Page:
Mexico's top cop was being paid by El Chapo's Sinaloa cartel, feds say at New York trial


”He also had a second job, a dirtier job, a more profitable job,” Assistant U.S. Attorney Philip Pilmar said in his opening argument Monday at Garcia Luna’s trial in Brooklyn Federal Court.

Garcia Luna, 54, Mexico’s former secretary of public security, is accused of taking briefcases full of cash from the Sinaloa cartel while it was run by the notorious drug lord Guzman.

From 2006 to 2012, under then-President Felipe Calderón, he ran Mexico’s equivalent of the FBI, consolidating his power by swelling the ranks of the federal police, Pilmar said.

The cartel kept its billion-dollar drug operation humming by paying “to buy off the federal police, to put them on the payroll, to make them them part of the organization,” Pilmar said. “The defendant took their cash and betrayed his oath to his country.”

Guzman was convicted and sentenced to life plus 30 years in 2019.

At Guzman's trial, cartel turncoat Jesus Zambada Garcia testified to personally delivering briefcases with millions in cash to Garcia Luna in a Mexican restaurant.

In exchange, Pilmar said, Garcia Luna leaked sensitive law enforcement information on pending arrests, let cocaine pass through checkpoints and turned his federal police officers into bodyguards, drug couriers and “armed mercenaries” for the cartel.

“Members of the jury, the evidence will show that the defendant, the person who was supposed to be in charge of fighting the Sinaloa cartel, was actually its most valuable asset,” Pilmar said Monday.

But defense lawyer Cesar de Castro said Garcia Luna actually did his crime-fighting job too well — and that the government’s case is based on the word of ruthless criminals seeking revenge for being locked up by his client.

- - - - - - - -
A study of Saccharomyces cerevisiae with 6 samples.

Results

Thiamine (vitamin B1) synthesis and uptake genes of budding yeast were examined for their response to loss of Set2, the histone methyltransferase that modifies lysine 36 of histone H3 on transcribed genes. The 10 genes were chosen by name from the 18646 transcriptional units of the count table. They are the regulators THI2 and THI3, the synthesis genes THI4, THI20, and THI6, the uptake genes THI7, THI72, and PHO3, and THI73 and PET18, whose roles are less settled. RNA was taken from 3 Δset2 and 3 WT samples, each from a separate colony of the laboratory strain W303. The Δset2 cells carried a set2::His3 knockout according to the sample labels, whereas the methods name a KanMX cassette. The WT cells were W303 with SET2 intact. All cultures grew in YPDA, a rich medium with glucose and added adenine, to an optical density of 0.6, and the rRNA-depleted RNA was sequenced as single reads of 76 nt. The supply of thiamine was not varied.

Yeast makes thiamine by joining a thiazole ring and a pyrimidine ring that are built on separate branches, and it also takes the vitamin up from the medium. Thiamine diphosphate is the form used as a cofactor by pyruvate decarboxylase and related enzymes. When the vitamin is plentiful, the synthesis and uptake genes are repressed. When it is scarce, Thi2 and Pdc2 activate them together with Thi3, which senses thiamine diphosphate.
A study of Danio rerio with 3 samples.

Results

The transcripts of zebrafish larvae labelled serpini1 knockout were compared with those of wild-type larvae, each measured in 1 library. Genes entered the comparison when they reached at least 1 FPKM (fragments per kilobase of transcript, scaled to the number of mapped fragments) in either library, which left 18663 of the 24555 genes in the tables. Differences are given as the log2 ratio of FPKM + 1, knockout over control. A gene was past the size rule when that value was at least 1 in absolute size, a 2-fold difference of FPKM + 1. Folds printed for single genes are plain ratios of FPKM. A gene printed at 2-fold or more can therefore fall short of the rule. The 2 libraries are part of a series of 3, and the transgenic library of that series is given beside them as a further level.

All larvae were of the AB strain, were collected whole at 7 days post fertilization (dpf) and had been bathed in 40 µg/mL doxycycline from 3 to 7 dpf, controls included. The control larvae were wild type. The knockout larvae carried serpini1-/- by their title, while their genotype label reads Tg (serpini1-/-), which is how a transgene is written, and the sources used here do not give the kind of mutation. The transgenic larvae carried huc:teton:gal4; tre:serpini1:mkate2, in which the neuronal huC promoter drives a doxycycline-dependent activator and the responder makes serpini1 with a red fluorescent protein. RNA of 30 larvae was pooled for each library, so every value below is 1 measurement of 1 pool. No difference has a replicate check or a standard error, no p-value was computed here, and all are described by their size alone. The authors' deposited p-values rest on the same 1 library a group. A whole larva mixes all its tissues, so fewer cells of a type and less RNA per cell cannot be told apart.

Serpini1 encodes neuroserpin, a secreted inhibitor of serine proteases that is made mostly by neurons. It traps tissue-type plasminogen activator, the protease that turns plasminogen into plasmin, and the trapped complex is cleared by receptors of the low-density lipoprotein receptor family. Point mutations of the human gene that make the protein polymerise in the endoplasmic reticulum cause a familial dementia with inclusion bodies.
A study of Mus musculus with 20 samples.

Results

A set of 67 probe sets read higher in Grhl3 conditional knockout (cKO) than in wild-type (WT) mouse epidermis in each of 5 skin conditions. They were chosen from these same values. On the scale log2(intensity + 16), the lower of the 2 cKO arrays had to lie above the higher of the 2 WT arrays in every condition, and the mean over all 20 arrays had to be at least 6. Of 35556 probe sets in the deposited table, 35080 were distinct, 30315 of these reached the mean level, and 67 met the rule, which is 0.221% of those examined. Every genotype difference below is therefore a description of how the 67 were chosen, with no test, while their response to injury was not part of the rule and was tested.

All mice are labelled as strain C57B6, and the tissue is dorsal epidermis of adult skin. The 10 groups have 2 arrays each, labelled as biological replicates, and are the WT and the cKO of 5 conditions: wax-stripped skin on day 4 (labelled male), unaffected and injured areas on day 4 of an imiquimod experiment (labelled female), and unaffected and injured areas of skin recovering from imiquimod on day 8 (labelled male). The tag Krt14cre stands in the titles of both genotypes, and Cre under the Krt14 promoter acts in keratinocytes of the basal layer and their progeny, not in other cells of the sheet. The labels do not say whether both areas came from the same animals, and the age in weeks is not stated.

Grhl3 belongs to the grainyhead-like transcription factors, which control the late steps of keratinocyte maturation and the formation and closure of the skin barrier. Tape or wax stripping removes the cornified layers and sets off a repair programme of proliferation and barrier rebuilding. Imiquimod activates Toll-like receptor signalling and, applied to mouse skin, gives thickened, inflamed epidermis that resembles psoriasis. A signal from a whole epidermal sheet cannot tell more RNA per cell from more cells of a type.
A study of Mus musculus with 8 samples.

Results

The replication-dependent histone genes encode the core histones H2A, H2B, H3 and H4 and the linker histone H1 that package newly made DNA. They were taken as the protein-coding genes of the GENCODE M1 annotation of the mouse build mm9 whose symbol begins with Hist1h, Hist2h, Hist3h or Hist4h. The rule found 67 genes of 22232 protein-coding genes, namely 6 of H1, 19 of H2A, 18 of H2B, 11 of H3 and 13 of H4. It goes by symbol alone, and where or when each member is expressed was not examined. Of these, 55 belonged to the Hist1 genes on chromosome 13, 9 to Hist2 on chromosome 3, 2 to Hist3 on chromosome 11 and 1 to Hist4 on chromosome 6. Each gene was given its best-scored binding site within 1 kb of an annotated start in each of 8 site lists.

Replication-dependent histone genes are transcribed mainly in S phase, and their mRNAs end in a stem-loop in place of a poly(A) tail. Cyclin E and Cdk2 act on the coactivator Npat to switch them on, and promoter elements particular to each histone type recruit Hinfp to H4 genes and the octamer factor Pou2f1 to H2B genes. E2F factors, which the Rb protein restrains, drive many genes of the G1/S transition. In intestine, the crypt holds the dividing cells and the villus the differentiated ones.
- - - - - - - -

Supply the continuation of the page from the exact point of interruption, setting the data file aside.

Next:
“What better revenge than to bury the man who led the war against the cartels?” de Castro said. “These murderers, torturers, kidnappers literally get to kill two birds with one stone.”

De Castro said that the cartel members who will testify are hoping for lighter sentences and the possibility of a new life in the U.S. Prosecutors will show the jury “no money, no photos, no videos, no email, no texts, no recordings, no documents” to back up their allegations of bribery, he said.

Over his career, Garcia Luna met with top American law enforcement officials in the FBI, DEA and the Department of Homeland Security, as well as members of Congress, Sen. John McCain, former Secretary of State Hilary Clinton and President Barack Obama, de Castro said.

He also helped bring in technology and equipment from the U.S. and helped implement a “huge database” called Plataforma Mexico to fight the cartels.

“This will be a very public and angry display by your government abandoning a strategic partner for years,” de Castro told jurors. “The government will help the cartels exact the ultimate revenge on those responsible for their capture.”

After opening arguments, the jury heard from Sergio Villarreal Barragan, a former Mexican federal police officer nicknamed El Grande who joined the Sinaloa cartel and worked for one of its leaders, the late Arturo Beltran Leyva.

Barragan described the cartel’s expansion efforts in the early 2000s and said Garcia Luna played a key role in their efforts.

Garcia Luna headed the Federal Investigation Agency, or AFI, from 2001 to 2006, and the AFI’s support was crucial in Sinaloa’s clashes with the rival Gulf Cartel, Barragan said.

In one episode, Barragan was tasked with stealing a two-ton shipment of cocaine from a rival cartel, which he did by setting up a highway checkpoint.

He and his Sinaloa crew took the drugs to a warehouse, where they waited for Garcia Luna and other high-ranking police officials to arrive. Beltran Leyva also showed up. The plan was to split the take with the AFI, giving Garcia Luna money in exchange for the police agency’s half of the drugs.

The money added up to “a good amount,” he said, about $14 million to $16 million packed in “cardboard boxes, the kind that’s used for office paper,” Barragan said.

The cash filled so many boxes that the AFI officials couldn’t fit it all in their SUVs so Betlran Levya let them use his Suburban to help ferry the cash, Barragan testified.